Woody Guthrie’s focus helps us see 28 ‘invisible’ people — 67 years later


Image via Casey Lansinger

Tim Hernandez shows newspaper headline from 1948.

The sky plane caught fire over Los Gatos Canyon,
A fireball of lightning, and shook all our hills,
Who are all these friends, all scattered like dry leaves?
The radio says, “They are just deportees”

The final stanza of Woody Guthrie’s poem, Plane Wreck at Los Gatos, immortalizes a grave injustice, said Tim Hernandez, poet and author. Finally, 65 years after the event, it was corrected.

As a part of Hispanic Heritage Month, ACC Student Affairs, in collaboration with the Library and Learning Commons and the Writer’s Studio, presented the Colorado Humanities Latino Heritage Live Tour last Thursday: Both Sides of the River: Finding Woody Guthrie’s Deportees.

Author Tim Hernandez told the story to a receptive audience in the library commons followed by a haunting performance of Woody Guthrie’s Plane Wreck at Los Gatos (also known as Deportee) by a Colorado musician, Daniel Grandbois.

The opening story is the saga of Hernandez’ journey to identify by name 28 Mexican nationals who died in a plane crash in 1948. The back story is the account of the 28 Mexicans and why they were on the doomed plane and identified only as deportees.

Tim Hernandez speaks in the ACC Library.
Casey Landsinger
Tim Hernandez speaks in the ACC Library.

“We make choices when we tell a story of what things to omit,” Hernandez said.

The story made national news, naming the four Americans on board, and identifying the other 28 victims simply as deportees. With the omission of identities considered insignificant, the 28 were buried in a mass grave with a generic headstone in Holy Cross Cemetery in Fresno, Calif. Their families in Mexico never received word of their deaths or where the deportees were buried.

“A story like this is the opportunity to tell stories rather than explore the political aspects of it, Hernandez said. “Many, many books have been written about the politics of the event.

“When we share each other’s stories we find we have much more in common than differences,” he said.

Nameless workers imported by the United States under the Bracero program to work in the fields had overstayed their visas. Along with a number of illegals, they were aboard the ill-fated flight bound for a deportation center near the border. The Jan. 28, 1948, flight never reached its destination.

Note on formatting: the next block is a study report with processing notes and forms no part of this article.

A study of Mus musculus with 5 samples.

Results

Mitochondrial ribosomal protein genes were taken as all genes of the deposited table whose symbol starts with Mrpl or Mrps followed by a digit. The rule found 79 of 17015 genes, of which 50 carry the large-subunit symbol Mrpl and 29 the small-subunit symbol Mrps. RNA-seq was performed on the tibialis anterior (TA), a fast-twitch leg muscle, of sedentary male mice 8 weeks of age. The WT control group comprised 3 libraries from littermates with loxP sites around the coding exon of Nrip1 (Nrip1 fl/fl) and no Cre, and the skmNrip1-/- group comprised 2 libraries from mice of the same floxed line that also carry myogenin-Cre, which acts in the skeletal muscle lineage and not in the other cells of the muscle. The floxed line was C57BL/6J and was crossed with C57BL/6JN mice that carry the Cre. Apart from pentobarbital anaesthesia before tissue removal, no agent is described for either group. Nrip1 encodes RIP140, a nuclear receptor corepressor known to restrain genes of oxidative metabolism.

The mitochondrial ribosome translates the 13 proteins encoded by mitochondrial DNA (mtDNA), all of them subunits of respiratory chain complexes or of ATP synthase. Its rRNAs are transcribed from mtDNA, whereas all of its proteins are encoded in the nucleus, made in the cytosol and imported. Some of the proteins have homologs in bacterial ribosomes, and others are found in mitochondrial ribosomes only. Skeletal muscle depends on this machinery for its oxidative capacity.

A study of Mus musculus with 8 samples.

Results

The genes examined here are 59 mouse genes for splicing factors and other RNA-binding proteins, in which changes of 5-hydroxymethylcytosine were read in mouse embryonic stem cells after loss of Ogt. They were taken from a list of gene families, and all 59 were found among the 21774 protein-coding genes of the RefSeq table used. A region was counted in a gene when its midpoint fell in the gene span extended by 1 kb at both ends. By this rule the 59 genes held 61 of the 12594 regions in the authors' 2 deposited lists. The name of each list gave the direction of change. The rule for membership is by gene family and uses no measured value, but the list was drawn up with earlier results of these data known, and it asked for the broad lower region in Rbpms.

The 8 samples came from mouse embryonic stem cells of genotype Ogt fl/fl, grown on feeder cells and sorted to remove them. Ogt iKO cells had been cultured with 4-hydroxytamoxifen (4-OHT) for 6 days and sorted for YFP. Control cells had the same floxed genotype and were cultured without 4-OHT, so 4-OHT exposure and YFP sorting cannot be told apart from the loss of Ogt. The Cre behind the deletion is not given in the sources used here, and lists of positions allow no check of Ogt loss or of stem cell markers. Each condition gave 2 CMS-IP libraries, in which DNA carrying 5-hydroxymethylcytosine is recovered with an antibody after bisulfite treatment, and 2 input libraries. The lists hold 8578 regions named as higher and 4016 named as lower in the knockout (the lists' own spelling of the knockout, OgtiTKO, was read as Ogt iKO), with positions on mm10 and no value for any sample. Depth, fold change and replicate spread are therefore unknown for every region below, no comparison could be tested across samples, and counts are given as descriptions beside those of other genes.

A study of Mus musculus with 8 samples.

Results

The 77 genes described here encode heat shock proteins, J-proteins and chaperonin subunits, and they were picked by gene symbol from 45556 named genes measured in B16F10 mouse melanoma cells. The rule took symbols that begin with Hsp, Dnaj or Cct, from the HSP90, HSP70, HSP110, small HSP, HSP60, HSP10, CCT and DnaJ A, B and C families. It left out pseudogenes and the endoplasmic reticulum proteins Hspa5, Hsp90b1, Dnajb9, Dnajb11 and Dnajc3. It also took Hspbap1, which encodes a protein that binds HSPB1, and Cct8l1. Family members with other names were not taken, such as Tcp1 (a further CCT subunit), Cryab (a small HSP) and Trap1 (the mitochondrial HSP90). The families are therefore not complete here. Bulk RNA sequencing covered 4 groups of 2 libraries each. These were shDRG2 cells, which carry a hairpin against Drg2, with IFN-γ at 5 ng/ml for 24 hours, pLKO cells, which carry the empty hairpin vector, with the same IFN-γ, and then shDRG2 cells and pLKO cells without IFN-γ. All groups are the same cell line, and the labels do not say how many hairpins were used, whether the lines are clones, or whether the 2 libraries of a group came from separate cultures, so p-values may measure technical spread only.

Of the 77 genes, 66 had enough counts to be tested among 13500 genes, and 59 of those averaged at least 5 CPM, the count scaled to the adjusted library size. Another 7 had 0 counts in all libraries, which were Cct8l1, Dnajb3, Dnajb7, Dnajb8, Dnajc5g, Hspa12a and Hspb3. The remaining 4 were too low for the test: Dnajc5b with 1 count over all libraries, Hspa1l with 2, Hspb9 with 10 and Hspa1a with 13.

A fire in the engine of the old DC-3 spread and severed a wing, causing the plane to spiral to the ground in a ball of fire.

All aboard were killed.

A newspaper account that ignored their identities, struck a chord with Woody Guthrie, a famous songwriter / activist of the time. Guthrie had known the sting of anonymity and discrimination as a migrant worker from Oklahoma during the depression. Always treated as outsider by antagonistic California residents and scorned as an Okie, he bitterly resented the treatment of these “invisible” workers.

Guthrie, ill with a neurological disorder, could no longer play his guitar and instead wrote a poem chronicling the tragedy.

The poem lay dormant until Martin Hoffman of Colorado composed music for the words and played it for musician Pete Seeger. Seeger, and many famous musicians, recorded it.

Daniel Grandbois of Colorado sings.
Casey Landsinger
Daniel Grandbois of Colorado sings.

It became a protest song of the 1970s. Although the music kept the story alive, no attempt was ever made to identify the deportees until Hernandez tried.

Hernandez, the son of migrant workers, was researching his book, Manana Means Heaven when he found a troubling newspaper headline: 100 Prisoners See an Airplane Fall From the Sky. When he checked further, Hernandez, unearthed the tale of the forgotten victims of a tragic crash.

Intrigued, he set out in pursuit of the identities of the Mexican nationals aboard. Undaunted by stonewalling in the Hall of Records and the reluctance of the Fresno Roman Catholic Diocese to search old records, he finally connected with the director of Holy Cross Cemetery, who eventually gained access to the death certificates. Comparing the names to the manifest, Hernandez eventually identified every deportee 65 years after the tragedy.

Not content with just knowing who they were, he began a campaign to have the names placed on a respectable headstone.

A massive fundraiser resulted in the purchase of a memorial headstone listing each passenger’s name, including the names of the four Americans.

Finally, in 2013 and with family members of some of the deceased, the new headstone was unveiled.

The 28 Mexicans were invisible no more.

“There are stories of omission out there everywhere,” Hernandez said.

His search is not over, he said. He continues to hunt for families of the victims in remote areas of Mexico. His goal: To tell them about their ancestors, and finally give them some peace of mind and closure.